Eastern Mediterranean University (EMU) Dr. Fazıl Küçük Faculty of Medicine Clinical Practice and Research Center Director, Neonatal Intensive Care Specialist and Pediatrician Assoc. Prof. Dr. Nilüfer Güzoğlu released a statement regarding the 17 November World Prematurity Day. Assoc. Prof. Dr. Güzoğlu’s statement reads as follows:
Definition of Prematurity and Late Preterm
17 November is referred as the “World Prematurity Day” and is celebrated as an awareness day for the problems and support of premature babies and their families. Babies born before 37th gestational week are called premature. However, the term of premature is a very broad concept, as both a 25-week-old baby and a 35-week-old baby are defined as premature. Since the problems of premature babies born in such different weeks also show differences, premature babies are also classified according to their birth week. Although the problems that may be experienced by very preterm babies are generally known by the society, the problems of babies born between 34 and 36 weeks, which we call late preterm babies, are not well known.
Common Health Problems Observed in Late Preterm Babies
Late preterm babies look like term babies in regards to the body size, although this may seem like an advantage for them, in reality they are also premature and physiologically underdeveloped. Because of this immaturity, late premature babies are at higher risk than term babies for jaundice, sucking-feeding difficulties, low blood sugar, infections, respiratory problems, and dehydration. In terms of these risks, such babies are evaluated in the hospital when they are first born, and if necessary, they can be admitted to short-term special care units, and even in some cases, babies may need to be monitored and treated in the neonatal intensive care unit.
One of the most common problems observed in late preterm babies is poor feeding. This is because they have poor sucking and swallowing coordination when they are born. Breast milk may also be delayed because of preterm birth. For this reason, it is important to observe the breastfeeding position and milk passage by trained caregivers after birth, and to explain the nutrition plan to the family. Feeding times for breastfed babies should be with the target of 8-10 feedings per day with 2-3 hour intervals depending on the baby's demand. After breastfeeding, the mother may need to pump to facilitate the emptying of her breast. Some physiological weight loss is expected in the first 1-2 weeks, but if the weight loss is more than expected, it may be necessary to supplement with expressed breast milk or formula after breastfeeding. Formula-fed babies, on the other hand, should be fed every 3 hours with a target of 8 feedings.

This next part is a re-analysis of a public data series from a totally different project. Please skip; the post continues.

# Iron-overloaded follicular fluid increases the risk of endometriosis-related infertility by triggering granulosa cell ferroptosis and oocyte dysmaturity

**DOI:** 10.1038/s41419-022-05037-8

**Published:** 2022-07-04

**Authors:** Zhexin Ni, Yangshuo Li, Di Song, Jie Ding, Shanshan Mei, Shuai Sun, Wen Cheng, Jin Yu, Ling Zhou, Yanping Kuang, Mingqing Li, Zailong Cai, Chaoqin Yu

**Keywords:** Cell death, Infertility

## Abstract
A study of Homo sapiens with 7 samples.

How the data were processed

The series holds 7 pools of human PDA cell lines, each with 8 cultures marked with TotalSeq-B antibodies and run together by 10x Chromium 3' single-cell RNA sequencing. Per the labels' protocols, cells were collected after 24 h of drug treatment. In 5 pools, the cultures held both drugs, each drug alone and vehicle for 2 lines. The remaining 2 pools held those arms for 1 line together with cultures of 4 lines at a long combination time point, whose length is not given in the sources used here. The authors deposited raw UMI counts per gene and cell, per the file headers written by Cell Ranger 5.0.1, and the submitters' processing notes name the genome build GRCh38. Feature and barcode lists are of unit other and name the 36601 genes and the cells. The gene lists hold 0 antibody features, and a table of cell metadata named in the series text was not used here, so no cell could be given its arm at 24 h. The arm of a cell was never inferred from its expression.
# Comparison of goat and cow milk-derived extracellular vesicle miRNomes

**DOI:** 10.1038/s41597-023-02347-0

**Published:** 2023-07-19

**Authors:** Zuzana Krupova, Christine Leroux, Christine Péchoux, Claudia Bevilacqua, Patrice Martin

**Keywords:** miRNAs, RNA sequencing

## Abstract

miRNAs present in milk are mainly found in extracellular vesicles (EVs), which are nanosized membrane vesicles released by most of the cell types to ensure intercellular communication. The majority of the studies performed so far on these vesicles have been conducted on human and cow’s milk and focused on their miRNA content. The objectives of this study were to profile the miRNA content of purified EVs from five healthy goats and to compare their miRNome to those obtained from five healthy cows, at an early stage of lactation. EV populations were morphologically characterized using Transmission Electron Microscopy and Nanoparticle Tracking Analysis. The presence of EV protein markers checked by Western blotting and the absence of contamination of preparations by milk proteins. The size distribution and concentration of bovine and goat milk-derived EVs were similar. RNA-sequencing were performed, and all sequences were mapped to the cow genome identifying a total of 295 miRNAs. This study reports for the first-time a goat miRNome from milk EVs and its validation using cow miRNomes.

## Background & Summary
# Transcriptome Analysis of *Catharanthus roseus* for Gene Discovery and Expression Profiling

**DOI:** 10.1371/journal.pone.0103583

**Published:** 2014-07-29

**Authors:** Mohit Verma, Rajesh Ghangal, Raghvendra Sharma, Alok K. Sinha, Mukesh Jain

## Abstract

Another common problem in late premature babies is neonatal jaundice. They are at risk for jaundice due to feeding problems, slow bowel movements and insufficient liver maturation. Therefore, these babies should be closely monitored for jaundice after discharging from the hospital.
Late premature babies are also more risky in terms of infection when compared to term babies. During a normal pregnancy, antibodies are passed from mother to baby in the last period of pregnancy and the baby's immune system matures in the last month of pregnancy. Because late premature babies are born before completing this period, the risk of infection is increased. It is important for the baby that the family learns the benefits and techniques of hand washing in preventing infections. It is also important to avoid post-discharge contact with infected people in the first year of life, especially in the extremely sensitive winter months, as the susceptibility to postpartum viral infection will also be high.